Peet’s Perspective

How We Went Through High School with Egos the Size of a Tudor Mansion

Hi, I’m Peet McCain, former contributor to the SmorgShow and lifelong friend of Chris Bockay. Winner of the DJ of the year award (the Deeger) in 1982.  My remembrances of the show are slightly different than Chris’s. Chris and I started “broadcasting” long before Chris went to a high school that had a radio station, originally making tapes for a non-broadcasting (meaning fake) radio station Chris created we called W.K.I.D. At WKID we practiced bantering into a tape recorder, as well as parody songs and pre-written comedy bits. We went on remote “broadcasting” live shows and even did voice impressions of newsmakers of the day. This all began around the ages of 12 and 14 as I recall.   As a result of those tapes and our other ventures into radio, Chris actually had the equivalent of 3 or 4 years experience as a disc jockey in his freshmen year of high school.  This caused a bit of tension between Chris and the management at the station (WDGC-FM Downers Grove). Seniors in high school as well as the teacher, Fred Moore, were not accustomed to freshmen walking in the door with fully formed opinions about how things should be run.

Because of our years of experience at WKID (you can laugh, but we really did the work), Chris and I were a team for a very long time when he got the chance to be on the actual high school radio station. So not long after Chris got an air shift, Peet started coming in as the sidekick/board operator/writer for Chris’s show.

Chris and I followed the very loose format of our –mentors is too strong of a word– Steve Dahl and Garry Meier which embraced a conversational style and riffing on many different subjects over extended periods of time. We named the show the Smorgasbord as an obvious referral to tackling any subject we wanted. (It is also fun to say “Smorgasbord”—try it. No really, go ahead, try it) Conventional radio wisdom taught at the high school though, favored tight formats and very little talking. Did you try saying Smorgasbord yet? Seriously, a very funny word.

As a result, our time at WDGC was always fun, but occasionally contentious. At some point we reached a compromise of pre-taping some of our segments. This topic is worthy of more attention, but in the interest of brevity, I’ll move on.  Our experiences in broadcasting, eventually 8 years in radio and about 4 years doing various TV projects led us down different paths. Chris turned his experiences into a successful career in marketing, while I pursued sales and other business functions.

I don’t know if our time at WDGC taught me to question authority, or whether I just naturally do that because I’m me. But Chris and I were occasionally painted as villains or at least mischief makers at the station as a matter of course throughout our time there. We always felt that we were in the right and knew more about the best way to do radio. Yes, it turned out that we were totally right, but that’s beside the point, isn’t it?  Perhaps Fred Moore was right at the time and we were unknowingly victimizing him. Years gone by have given me a different perspective on teenagers. I have to say, we kept him on his toes!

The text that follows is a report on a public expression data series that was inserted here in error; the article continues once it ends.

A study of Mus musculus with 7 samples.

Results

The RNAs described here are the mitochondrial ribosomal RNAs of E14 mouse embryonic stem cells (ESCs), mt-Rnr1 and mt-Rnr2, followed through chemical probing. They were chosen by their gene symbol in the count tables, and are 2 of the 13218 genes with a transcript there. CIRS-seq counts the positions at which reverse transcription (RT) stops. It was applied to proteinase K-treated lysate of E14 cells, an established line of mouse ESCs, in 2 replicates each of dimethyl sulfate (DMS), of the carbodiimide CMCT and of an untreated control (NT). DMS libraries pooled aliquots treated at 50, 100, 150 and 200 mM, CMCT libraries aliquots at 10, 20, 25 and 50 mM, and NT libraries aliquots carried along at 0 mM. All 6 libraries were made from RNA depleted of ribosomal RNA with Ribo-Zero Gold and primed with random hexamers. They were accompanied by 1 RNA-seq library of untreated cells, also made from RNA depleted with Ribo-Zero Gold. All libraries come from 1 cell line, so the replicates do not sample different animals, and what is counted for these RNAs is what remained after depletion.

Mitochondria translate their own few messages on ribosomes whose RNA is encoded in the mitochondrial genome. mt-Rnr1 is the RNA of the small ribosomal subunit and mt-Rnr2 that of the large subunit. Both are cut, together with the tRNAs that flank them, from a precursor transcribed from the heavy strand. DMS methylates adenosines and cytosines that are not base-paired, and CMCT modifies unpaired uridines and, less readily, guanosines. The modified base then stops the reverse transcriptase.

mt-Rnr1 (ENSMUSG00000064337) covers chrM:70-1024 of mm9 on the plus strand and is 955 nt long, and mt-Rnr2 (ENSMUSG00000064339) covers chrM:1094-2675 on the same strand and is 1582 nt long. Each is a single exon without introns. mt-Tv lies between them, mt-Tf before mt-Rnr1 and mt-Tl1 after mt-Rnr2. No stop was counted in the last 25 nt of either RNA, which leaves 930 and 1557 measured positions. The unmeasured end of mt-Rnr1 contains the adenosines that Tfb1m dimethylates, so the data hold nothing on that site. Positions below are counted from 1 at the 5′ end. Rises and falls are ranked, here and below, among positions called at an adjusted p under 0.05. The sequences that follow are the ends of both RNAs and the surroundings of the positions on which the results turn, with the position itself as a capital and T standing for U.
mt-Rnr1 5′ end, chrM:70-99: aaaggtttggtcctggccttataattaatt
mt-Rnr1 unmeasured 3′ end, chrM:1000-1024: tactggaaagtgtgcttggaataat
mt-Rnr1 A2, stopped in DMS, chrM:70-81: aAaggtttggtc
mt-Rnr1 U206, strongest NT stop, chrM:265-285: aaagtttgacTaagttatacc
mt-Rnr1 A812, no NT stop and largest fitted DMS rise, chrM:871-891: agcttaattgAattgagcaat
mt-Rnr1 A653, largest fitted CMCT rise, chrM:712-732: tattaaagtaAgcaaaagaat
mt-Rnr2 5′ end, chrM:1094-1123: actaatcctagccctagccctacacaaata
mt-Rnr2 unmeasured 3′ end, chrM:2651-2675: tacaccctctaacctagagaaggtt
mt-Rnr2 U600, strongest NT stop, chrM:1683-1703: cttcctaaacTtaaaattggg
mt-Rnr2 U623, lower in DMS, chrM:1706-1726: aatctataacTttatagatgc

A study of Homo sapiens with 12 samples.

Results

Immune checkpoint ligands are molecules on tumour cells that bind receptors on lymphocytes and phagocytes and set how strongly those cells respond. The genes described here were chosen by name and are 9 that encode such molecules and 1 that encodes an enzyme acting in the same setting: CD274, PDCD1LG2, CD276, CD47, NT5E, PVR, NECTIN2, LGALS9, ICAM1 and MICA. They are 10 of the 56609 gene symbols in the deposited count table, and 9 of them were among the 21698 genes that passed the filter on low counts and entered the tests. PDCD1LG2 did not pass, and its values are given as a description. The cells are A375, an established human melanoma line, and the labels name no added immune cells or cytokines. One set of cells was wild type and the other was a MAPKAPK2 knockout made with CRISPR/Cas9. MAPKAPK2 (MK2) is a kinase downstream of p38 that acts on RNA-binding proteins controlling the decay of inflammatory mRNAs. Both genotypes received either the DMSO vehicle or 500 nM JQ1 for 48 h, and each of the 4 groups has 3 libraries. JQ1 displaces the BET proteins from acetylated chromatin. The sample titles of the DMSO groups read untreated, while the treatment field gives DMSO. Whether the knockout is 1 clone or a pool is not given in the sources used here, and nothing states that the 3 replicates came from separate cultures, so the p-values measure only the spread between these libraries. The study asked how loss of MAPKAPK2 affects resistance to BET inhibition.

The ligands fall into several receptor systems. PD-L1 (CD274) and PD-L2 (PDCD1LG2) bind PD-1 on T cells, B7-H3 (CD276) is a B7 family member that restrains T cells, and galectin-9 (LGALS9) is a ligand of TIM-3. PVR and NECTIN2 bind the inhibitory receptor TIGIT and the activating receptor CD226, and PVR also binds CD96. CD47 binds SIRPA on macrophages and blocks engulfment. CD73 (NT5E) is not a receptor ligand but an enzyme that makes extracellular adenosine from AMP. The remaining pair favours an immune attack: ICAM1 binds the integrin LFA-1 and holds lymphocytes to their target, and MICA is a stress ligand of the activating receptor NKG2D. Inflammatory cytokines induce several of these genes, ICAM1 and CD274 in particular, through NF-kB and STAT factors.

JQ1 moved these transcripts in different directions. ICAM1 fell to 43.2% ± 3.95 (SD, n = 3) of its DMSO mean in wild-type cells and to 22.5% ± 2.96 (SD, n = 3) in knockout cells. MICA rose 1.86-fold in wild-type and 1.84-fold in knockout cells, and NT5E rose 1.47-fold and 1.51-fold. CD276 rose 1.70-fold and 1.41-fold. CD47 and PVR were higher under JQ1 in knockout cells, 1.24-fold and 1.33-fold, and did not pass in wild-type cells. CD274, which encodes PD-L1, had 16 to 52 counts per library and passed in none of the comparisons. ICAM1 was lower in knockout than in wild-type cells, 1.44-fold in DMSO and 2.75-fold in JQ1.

I guess the best thing that came out of our radio collaboration was of course, our friendship, now lasting more than 30 years. The reality is that Chris and I are not very much alike, but we pursued radio as a team, along with Dave Jackson, Jerry Malauskas, and a few other characters along the way. Perhaps it is because we address issues from very different directions that made us successful.

Let me just say something about our success. We were part of the leading edge of broadcasting at the time, pioneering the format that has now become the standard throughout the industry.  In our younger teen years, we were forging our own destiny with minimal support from our parents. Within the group of DJ’s, we were known as a strong show that was maybe a little silly, but with pretty tight engineering and truly original ideas. We were communicating and coordinating elaborate live shows and developing strong personalities while fighting a system that was challenging us at every turn.

Obviously, I have some pride about our accomplishments back then. Our work as DJ’s and producers of comedy bits mostly kept us out of trouble as teenagers. We developed very strong work ethics that are retained to this day and an awareness of communication skills that is also quite useful in the business world. So there it is; my little soliloquy on reasons for having an ego as big as the high school quarterback’s. I think we earned it.

P.S. I know you haven’t said the word out loud yet—s m o r g a s b o r d!